While the Pentagon claims that it is trying to expedite the implementation of last week’s decision by the Supreme Court to provide fair reviews of the status of some 594 terrorist suspects held at the U.S. base at Guantanamo Bay, Cuba, human rights groups are concerned that the Pentagon is trying to subvert the decision.
In a press statement released from its London headquarters Thursday, Amnesty International charged that the Pentagon’s plans to hold Combatant Status Review Tribunals “show contempt for basic human rights standards” and are designed to narrow any eventual judicial review of whether the prisoners can continue to be held as “enemy combatants.”
The Center for Constitutional Rights (CCR), which represents about 60 of the detainees, also charged that the proposed Tribunals violate minimum standards under U.S. constitutional and international law.
“Last week, the Supreme Court upheld the rule of law over unchecked executive authority,” said Rachel Meeropol, a CCR attorney. “The review procedures for the detainees set up by the Department of Defense are inadequate and illegal, and they fail to satisfy the Court’s ruling.”
The Pentagon’s plans, which were disclosed to reporters at a background briefing Wednesday evening, followed last week’s 6-3 ruling by the Court in Rasul v. Bush that the Guantanamo detainees, most of whom have been held at the base for two years or more, must be allowed to challenge their status as “enemy combatants” before a neutral tribunal.
It further found that U.S. federal courts had jurisdiction to hear habeas corpus claims brought by detainees to determine whether or not their continued detention was legal.
According to recent press reports, many of the detainees held at Guantanamo were low-level Taliban militants or even innocent bystanders who were rounded up by U.S. or Afghan forces during and after the November-December 2001 military campaign that ousted the Taliban from power and then flown to Guantanamo in early 2002.
The Pentagon announced Wednesday that it was establishing the new tribunals before which detainees will be able to challenge their status for the first time.
Under the proposed procedures, each detainee will be informed by July 17 that his status as an enemy combatant will be reviewed by a tribunal and that he has the right to a habeas corpus hearing in federal court.
He will also be provided with a “personal representative” to help them prepare and present their case to the tribunal which will consist of three military officers. The personal representative, who must also be a military officer, will have access to the files on the detainee’s background and will be given 30 days to file a challenge on his behalf.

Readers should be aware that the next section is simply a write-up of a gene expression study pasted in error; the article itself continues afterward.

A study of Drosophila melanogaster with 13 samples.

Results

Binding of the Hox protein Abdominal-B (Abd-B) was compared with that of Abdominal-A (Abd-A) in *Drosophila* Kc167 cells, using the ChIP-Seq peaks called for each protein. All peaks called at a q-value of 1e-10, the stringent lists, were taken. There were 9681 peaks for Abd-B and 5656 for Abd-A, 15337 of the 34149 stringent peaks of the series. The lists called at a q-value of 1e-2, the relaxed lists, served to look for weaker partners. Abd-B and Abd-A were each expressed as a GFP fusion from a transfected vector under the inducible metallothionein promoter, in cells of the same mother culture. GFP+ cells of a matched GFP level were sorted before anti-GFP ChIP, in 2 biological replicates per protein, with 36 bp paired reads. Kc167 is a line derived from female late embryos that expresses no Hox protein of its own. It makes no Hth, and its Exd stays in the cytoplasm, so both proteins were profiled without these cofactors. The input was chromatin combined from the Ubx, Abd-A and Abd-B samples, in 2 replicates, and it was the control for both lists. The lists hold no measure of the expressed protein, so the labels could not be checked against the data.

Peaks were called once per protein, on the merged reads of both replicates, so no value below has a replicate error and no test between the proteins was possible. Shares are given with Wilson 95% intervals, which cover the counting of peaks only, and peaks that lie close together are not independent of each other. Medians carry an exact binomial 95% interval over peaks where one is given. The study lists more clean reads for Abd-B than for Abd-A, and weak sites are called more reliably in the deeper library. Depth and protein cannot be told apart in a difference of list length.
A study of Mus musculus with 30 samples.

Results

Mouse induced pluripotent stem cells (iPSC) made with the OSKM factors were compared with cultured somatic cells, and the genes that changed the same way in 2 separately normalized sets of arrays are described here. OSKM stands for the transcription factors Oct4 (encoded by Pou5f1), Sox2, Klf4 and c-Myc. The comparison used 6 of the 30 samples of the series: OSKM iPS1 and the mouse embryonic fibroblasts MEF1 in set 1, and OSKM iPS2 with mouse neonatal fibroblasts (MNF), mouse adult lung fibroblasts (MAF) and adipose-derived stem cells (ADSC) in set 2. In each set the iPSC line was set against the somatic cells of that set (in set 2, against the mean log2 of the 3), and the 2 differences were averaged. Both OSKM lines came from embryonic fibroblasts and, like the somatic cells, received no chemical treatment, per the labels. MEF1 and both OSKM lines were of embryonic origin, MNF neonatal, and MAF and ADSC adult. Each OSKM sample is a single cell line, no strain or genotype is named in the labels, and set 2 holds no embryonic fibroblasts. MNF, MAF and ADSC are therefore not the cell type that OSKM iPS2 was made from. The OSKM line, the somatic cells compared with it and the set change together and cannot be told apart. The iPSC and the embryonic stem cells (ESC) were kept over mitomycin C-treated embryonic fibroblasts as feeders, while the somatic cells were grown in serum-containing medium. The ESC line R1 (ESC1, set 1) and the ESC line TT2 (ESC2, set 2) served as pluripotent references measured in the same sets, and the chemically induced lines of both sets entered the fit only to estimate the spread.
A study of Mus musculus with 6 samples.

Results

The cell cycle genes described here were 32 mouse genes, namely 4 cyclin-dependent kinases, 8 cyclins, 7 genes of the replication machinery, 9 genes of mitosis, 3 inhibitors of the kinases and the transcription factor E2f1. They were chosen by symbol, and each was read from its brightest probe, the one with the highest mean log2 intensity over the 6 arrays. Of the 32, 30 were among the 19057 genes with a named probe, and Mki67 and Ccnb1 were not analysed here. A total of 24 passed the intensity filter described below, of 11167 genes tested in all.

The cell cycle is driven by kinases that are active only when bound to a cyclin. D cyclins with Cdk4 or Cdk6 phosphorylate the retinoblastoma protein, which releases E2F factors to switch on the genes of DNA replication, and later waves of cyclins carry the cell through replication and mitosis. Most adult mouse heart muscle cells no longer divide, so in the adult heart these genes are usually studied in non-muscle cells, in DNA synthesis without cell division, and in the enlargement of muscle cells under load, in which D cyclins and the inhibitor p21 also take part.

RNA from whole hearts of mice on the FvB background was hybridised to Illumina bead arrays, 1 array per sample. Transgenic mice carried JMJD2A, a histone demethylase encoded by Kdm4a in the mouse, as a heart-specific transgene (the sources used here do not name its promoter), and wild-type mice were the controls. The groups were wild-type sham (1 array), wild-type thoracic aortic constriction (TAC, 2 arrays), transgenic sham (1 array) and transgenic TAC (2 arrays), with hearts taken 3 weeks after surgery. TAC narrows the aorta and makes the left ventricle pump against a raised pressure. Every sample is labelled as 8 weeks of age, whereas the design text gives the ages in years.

Detainees will be permitted to attend all proceedings, except those in which classified information is divulged, to testify and present evidence, call witnesses “if readily available,” and to question witnesses. The burden of proof will lie with the detainee rather than the government, however, although the defendant can win his case based on “a preponderance of the evidence.”
Other procedural issues, such as whether the government can monitor meetings between the representative and the detainee, or whether the tribunals will be open to the public or international monitors, have yet to be decided, according to Pentagon officials.
But rights groups are concerned that the tribunals, at which the government may be able to consider secret or hearsay evidence that the detainee will not be able to rebut, will be used to create a record that will then be presented to any federal court that hears a habeas corpus petition.
“We are concerned that what the administration is planning is to have the courts restrict their review to the narrow record that emerges from this Tribunal scheme,” said Amnesty. “What it should be doing, at a minimum, is informing the detainees of their right to full judicial review in court and facilitating their access to legal counsel to enable a full and fair process to go ahead.”
The fact that the detainees will not be given a lawyer for this process, as well as the fact that the panel will consist entirely of military officers, also contradicts basic notions of due process, according to the groups.
According to CCR’s legal director, the Pentagon’s failure to permit detainees any assistance by legal counsel clearly violates the spirit, if not the letter, of the Court’s ruling in Rasul. “Without access to a lawyer,” he said, “the Supreme Court’s decision in Rasul would be meaningless. The right to habeas corpus has always included the right to legal assistance.”
Amnesty also assailed a second announcement this week that nine more foreign detainees have been slated to be tried by a U.S. military commission as “a member of al-Qaeda or otherwise involved in terrorism against the United States.” The announcement brought to 15 the total number of detainees who face military trials that could result in the death penalty.
Procedures for the commissions, which will also be presided over by military officers, have been denounced as inadequate and fundamentally unfair by human rights groups and many specialists in military law, including a number of active duty military attorneys who have been recruited to represent detainees.
“Trials before military commissions executive bodies, not independent or impartial courts would flout basic standards,” Amnesty said Thursday. “No right of appeal, restrictions on the defense, and the discriminatory application of fair trial rights are all cause for concern,” it noted, adding that the six named so far have been held for months in solitary confinement reportedly in windowless cells and other conditions that could affect their psychological health.